Sure, you double (and triple!) check your fundraising letter for spelling and grammar errors, but do you check that it is written to raise the most money possible?
Read your finished letter again, and this time, fill out our Better Letter Checklist as you go. You may be surprised how much you can improve your results by making a few small changes.
Pay particular attention to these check boxes:
Appeals to emotions via narrative
Instead of overloading your fundraising letter with facts about your organization, use a story that demonstrates why these facts matter. It will make the donor’s impact tangible, personal, and emotional.
If you’ve written “Last year, we provided food, shelter, and hope to over 1200 members of our community…” instead try “After losing his job and his home, Bob had given up hope—until he felt true compassion from neighbors like you who provided him with food, shelter, and the courage to get back on his feet.”
Uses a limited vocabulary, short sentences, and paragraphs
Edit out extra adjectives or adverbs, verbal crutches, circumlocutions. While it may seem that removing all these words is “dumbing the letter down,” remember that your donors are busy and donors are letter scanners. Even the most educated of readers will appreciate a letter that doesn’t take long to read and gets to the point. Your fundraising letter can still motivate donors to action without those extra eloquent adjectives and corporate words.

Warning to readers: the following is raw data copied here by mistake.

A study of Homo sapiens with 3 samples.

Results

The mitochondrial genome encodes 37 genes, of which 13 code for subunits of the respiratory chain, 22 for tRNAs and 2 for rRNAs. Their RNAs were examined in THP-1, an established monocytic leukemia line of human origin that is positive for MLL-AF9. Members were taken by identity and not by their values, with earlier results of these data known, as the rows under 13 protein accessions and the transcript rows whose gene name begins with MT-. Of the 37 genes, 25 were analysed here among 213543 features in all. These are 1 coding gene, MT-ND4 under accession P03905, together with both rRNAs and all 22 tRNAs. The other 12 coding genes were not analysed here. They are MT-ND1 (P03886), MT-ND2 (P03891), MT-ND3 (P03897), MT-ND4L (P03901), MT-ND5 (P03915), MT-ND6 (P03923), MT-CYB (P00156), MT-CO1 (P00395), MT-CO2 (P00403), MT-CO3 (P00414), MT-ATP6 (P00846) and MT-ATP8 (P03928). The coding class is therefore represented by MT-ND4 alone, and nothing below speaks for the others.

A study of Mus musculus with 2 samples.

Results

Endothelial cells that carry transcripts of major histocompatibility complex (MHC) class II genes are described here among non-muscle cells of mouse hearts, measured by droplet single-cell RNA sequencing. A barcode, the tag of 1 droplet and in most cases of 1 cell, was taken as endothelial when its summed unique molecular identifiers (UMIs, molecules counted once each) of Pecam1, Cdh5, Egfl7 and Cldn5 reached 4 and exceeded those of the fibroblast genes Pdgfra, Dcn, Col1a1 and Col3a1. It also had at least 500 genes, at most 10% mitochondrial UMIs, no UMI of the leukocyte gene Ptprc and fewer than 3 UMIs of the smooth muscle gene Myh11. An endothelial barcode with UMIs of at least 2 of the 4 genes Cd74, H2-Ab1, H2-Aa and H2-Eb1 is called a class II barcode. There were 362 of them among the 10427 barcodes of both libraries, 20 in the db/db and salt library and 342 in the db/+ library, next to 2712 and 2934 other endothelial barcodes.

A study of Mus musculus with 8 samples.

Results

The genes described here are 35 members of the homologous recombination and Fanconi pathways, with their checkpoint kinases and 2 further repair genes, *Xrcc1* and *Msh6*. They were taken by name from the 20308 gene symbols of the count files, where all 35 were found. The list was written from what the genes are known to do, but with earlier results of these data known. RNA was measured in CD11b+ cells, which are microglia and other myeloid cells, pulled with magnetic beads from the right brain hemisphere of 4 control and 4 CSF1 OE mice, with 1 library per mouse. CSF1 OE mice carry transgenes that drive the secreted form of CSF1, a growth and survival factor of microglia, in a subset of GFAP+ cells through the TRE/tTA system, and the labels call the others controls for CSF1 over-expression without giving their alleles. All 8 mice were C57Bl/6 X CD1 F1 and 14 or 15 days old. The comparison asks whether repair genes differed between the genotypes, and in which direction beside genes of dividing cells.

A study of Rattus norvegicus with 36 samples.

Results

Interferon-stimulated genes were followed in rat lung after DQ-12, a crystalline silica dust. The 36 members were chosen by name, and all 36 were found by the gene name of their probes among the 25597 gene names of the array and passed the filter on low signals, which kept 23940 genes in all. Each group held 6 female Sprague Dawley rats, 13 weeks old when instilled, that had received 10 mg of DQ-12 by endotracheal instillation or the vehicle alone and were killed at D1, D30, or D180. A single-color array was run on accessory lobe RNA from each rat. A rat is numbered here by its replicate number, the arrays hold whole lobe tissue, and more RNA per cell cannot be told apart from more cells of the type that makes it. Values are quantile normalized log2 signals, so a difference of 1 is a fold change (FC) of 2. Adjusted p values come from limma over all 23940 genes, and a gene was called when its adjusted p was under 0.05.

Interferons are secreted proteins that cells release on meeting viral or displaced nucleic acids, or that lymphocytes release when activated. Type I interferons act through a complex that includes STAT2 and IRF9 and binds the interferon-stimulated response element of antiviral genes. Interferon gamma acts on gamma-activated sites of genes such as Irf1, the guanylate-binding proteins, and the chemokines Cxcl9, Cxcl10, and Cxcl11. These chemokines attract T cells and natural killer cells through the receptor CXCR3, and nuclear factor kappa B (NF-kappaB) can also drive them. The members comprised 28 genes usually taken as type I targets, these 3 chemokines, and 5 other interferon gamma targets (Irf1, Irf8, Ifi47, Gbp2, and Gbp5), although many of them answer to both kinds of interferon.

Asks for a specific amount, not just for “support”
Let’s be honest. It’s an appeal letter. Your readers know you’re asking them for money, so there is no need to dance around the ask with phrases like “your support.” The call to action must be direct to ensure that the donor does take action. When you use a specific ask with a dollar amount, you take the guess work out of donating—and by asking for it today, you create a sense of urgency.
Reminds the donor of the benefits of giving
Donors make your organization’s work possible. Being credited as “supporters” is not always enough to fulfill the emotional motivating factors which move donors to give. An appeal letter must reinforce their impact through phrases like “Thanks to you…” and “But without you…” that give donors credit for the good work being done. After all, your letter is not about your organization—it’s about the donor.
Still need help with your fundraising letter?
After editing your letter content, if you still have trouble checking off some of these boxes, give us a call to learn more about the copywriting, copyediting and design services we offer here at Five Maples.